This particular design requires two or three trees (or branches) in close proximity. It was made over the course of several weekends using new, pressure-treated wood for the support structure and floor and an old fence was recycled for the sides. The roof is a camouflage-pattern tarp. It's not weather-proof, but it stays pretty dry inside: a three-season treehouse, but best for summer! It was made with my 4, 6 and 8-year old children in mind, but has been a hit with visitors of all ages.

Note: this treehouse was built in summer 2009, taken down due to tree growth in fall 2013, and rebuilt in spring 2014. I've updated the text to reflect the (minor) changes I made, but there are a mix of old and new photos throughout.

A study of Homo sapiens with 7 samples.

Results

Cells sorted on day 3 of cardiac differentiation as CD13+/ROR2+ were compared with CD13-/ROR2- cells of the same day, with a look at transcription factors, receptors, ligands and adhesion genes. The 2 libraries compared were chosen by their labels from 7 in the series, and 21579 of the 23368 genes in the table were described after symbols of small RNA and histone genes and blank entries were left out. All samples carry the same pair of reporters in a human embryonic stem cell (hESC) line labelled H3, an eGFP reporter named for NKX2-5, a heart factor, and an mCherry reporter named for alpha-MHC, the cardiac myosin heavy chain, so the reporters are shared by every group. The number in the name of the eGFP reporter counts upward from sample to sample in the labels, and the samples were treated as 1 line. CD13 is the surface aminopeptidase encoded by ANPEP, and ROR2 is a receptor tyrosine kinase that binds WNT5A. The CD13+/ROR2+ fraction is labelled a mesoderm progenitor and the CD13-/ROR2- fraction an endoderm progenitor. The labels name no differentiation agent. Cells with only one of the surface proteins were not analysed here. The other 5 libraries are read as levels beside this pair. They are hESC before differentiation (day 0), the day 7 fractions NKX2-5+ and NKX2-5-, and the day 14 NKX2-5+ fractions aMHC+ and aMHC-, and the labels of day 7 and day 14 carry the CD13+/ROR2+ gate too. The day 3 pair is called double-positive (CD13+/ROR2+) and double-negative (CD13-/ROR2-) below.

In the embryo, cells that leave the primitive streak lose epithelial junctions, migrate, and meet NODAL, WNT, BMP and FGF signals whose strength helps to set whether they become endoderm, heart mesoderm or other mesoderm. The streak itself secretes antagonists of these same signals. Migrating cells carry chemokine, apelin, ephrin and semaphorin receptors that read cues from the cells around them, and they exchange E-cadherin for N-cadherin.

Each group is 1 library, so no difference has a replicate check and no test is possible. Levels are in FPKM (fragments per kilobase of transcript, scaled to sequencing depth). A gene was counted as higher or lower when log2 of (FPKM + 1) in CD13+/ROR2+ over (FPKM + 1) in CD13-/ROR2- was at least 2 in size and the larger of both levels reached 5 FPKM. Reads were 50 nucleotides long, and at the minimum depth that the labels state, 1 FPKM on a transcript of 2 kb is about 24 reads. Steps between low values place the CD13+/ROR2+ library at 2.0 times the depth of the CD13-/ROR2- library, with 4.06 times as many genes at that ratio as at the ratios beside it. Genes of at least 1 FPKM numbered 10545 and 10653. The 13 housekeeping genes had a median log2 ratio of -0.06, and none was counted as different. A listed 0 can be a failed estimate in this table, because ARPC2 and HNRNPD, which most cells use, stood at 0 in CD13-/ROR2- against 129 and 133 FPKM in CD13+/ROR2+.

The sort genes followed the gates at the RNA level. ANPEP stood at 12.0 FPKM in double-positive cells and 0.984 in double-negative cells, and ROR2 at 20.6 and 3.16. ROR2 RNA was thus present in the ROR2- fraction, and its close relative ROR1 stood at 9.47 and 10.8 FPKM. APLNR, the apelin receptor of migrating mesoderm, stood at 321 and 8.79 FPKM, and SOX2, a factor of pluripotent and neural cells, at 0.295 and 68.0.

Step 1: Pick your tree(s)

There are definite advantages in using more than one tree for your treehouse - the treehouse can be bigger, and you have to use less bracing. The tree you see here (behind the magnolia!) has a trunk that splits into three at the base, and these trunks splay out somewhat as they grow upwards. At the height of the treehouse - about 9' (2.7 m) off the ground - one pair of trunks are touching, and the other one is about 4' (1.2 m) away. This means the design has been based on one for a closely spaced pair of trees, rather than for a group of three. The tree is a Garry oak, and they don't grow much further north than this (southern Vancouver Island), so they grow pretty slow here. A solid gnarly collection of old trunks, each about 1' in diameter at 9 ft up.

Start by figuring out how high you want the treehouse. 9' is exciting for kids but not scary. You can of course go higher, but you'll have to take more account of tree movement.